In recent years, a cinematic trend has arisen. Period pieces about lesbians, set in the late 18th century through the mid-19th century are not just becoming popular, they are also well-received.

Movies such as “Wild Nights with Emily,” “Portrait of a Lady on Fire,” “Ammonite,” and “The World to Come,” practically go out of their way to leave a queer mark on the past. Remember, representation is important.

“The Last Thing Mary Saw” (Shudder Original), now streaming on Shudder, adds a twist to the trend. It’s a horror movie that takes several digs at religious extremism, a subject familiar to many LGBTQ people living in the 21st century. Set in a puritanical household in Southold, New York in 1843, “The Last Thing Mary Saw” opens with a John Calvin quote.

We learn quickly that, much to the dismay of her devout family, led by her sinister and severe grandmother the matriarch (Judith Roberts), titular Mary (Stefanie Scott) is romantically involved with housemaid Eleanor (Isabelle Fuhrman of “The Novice”). We also discover that the scenes with Mary’s family are set in the recent past.

The more current scenes take place in an interrogation room where Mary, wearing a blindfold over her missing eyes (we know they’re not there because of the streaks of dried blood on her cheeks emanating from where they used to be), is being questioned by an interrogator (Daniel Pearce) regarding the tragic events at the family’s home following her grandmother’s sudden death. The interrogator admits to being at a “crossroads” as to whether he should do his duty or “lend an ear to curiosity.”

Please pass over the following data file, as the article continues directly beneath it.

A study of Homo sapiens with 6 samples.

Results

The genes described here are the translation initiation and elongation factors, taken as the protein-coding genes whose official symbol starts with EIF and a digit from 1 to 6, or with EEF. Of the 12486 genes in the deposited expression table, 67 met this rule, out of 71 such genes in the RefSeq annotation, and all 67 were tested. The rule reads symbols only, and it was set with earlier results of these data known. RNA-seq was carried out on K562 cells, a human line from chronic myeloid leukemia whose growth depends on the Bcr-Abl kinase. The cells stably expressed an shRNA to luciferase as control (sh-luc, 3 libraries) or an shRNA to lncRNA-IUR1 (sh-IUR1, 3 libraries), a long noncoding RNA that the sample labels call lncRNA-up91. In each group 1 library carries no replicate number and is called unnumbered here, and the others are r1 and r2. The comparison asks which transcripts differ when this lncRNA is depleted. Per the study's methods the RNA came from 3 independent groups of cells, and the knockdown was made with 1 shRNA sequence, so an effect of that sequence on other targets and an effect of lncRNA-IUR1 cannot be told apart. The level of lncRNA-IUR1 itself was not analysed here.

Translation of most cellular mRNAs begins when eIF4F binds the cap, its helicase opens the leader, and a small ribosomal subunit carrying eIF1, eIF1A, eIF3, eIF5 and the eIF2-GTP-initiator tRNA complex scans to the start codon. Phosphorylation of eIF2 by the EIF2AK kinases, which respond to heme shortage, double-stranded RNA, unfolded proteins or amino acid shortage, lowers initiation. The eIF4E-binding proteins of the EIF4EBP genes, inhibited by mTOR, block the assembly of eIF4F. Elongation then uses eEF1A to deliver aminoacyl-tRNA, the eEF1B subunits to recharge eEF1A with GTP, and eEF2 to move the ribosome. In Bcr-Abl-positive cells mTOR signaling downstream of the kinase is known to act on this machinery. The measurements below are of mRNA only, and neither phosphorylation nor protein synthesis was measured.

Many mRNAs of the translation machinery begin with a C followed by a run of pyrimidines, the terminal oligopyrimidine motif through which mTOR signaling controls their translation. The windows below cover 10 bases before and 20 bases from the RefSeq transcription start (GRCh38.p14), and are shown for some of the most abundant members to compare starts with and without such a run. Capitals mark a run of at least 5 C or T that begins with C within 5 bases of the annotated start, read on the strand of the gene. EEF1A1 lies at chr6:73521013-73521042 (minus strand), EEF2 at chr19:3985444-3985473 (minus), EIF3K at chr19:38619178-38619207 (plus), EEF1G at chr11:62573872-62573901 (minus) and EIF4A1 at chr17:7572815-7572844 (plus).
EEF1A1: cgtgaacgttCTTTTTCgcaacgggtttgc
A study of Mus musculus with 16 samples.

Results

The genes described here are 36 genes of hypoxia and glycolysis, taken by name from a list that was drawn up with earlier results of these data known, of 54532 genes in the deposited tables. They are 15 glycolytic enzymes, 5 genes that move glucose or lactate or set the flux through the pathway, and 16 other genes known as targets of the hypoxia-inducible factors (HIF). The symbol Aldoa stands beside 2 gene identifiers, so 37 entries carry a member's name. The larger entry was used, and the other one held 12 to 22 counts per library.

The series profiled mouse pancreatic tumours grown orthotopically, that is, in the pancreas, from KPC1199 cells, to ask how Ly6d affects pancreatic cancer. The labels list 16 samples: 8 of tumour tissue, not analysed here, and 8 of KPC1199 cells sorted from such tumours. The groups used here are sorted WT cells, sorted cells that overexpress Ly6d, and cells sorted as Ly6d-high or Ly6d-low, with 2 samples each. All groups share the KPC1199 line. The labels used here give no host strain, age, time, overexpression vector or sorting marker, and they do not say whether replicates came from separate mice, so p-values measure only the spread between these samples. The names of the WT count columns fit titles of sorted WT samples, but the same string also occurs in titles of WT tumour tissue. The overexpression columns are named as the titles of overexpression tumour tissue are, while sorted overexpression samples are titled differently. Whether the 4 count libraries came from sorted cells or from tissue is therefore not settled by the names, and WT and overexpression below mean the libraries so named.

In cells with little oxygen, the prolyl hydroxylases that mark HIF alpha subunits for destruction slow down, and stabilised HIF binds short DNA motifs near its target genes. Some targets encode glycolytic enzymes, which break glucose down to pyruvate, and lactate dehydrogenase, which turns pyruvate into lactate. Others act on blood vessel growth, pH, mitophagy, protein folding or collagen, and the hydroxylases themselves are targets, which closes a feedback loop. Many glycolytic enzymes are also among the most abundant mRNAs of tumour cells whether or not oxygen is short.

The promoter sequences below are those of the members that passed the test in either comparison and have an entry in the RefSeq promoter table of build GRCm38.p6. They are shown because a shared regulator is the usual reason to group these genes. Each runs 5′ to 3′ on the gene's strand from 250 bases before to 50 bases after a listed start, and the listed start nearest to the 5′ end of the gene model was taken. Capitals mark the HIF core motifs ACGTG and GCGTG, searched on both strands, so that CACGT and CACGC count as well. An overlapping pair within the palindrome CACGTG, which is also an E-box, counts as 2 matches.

Separated into three chapters, all related to an unholy book that Mary’s father regrets having brought into the house, the movie moves back and forth in time between Mary’s interrogation and the abuse and degradation she and Eleanor suffered at the hands of her family of zealots. Corrections were doled out regularly, including a favorite punishment involving kneeling on uncooked rice while reciting bible passages.

But Mary and Eleanor remained undeterred, their attraction stronger than any religious adherence, wishing to experience their love “in bright sunlight” instead of stolen moments, including those they managed to arrange in the chicken coop. A partnership with the house guard Randolph (P.J. Sosko) affords them a few moments of intimacy. However, Mary’s kid brother, Matthew (Elijah Rayman) shares the rest of the family’s distaste for Mary and Eleanor’s bond. Caught together again, the matriarch spares Eleanor’s life, but does irreparable damage to her vocal cords, leaving her unable to speak.

Meanwhile, a plan is hatched, resulting in the death of the grandmother. On the day of the funeral, a disfigured intruder (Rory Culkin) arrives at the house setting off a series of shocking events, including rape, the loss of a digit, and mass poisoning. But just when you think everything has come to an end, a dead person’s finger moves just enough to startle you.

Writer/director Edoardo Vitaletti makes an effort to honor both the queer and horror subject matters, but in long run does neither justice. Gloomy and plodding (too long at under 90 minutes), “The Last Thing Mary Saw” succeeds as a mood piece, but most viewers will no doubt want something more than that.

Rating: B-

Gregg Shapiro is the author of seven books including the expanded edition of his short story collection How to Whistle (Rattling Good Yarns Press, 2021). An entertainment journalist, whose interviews and reviews run in a variety of regional LGBTQ+ and mainstream publications and websites, Shapiro lives in Fort Lauderdale with his husband Rick and their dog Coco.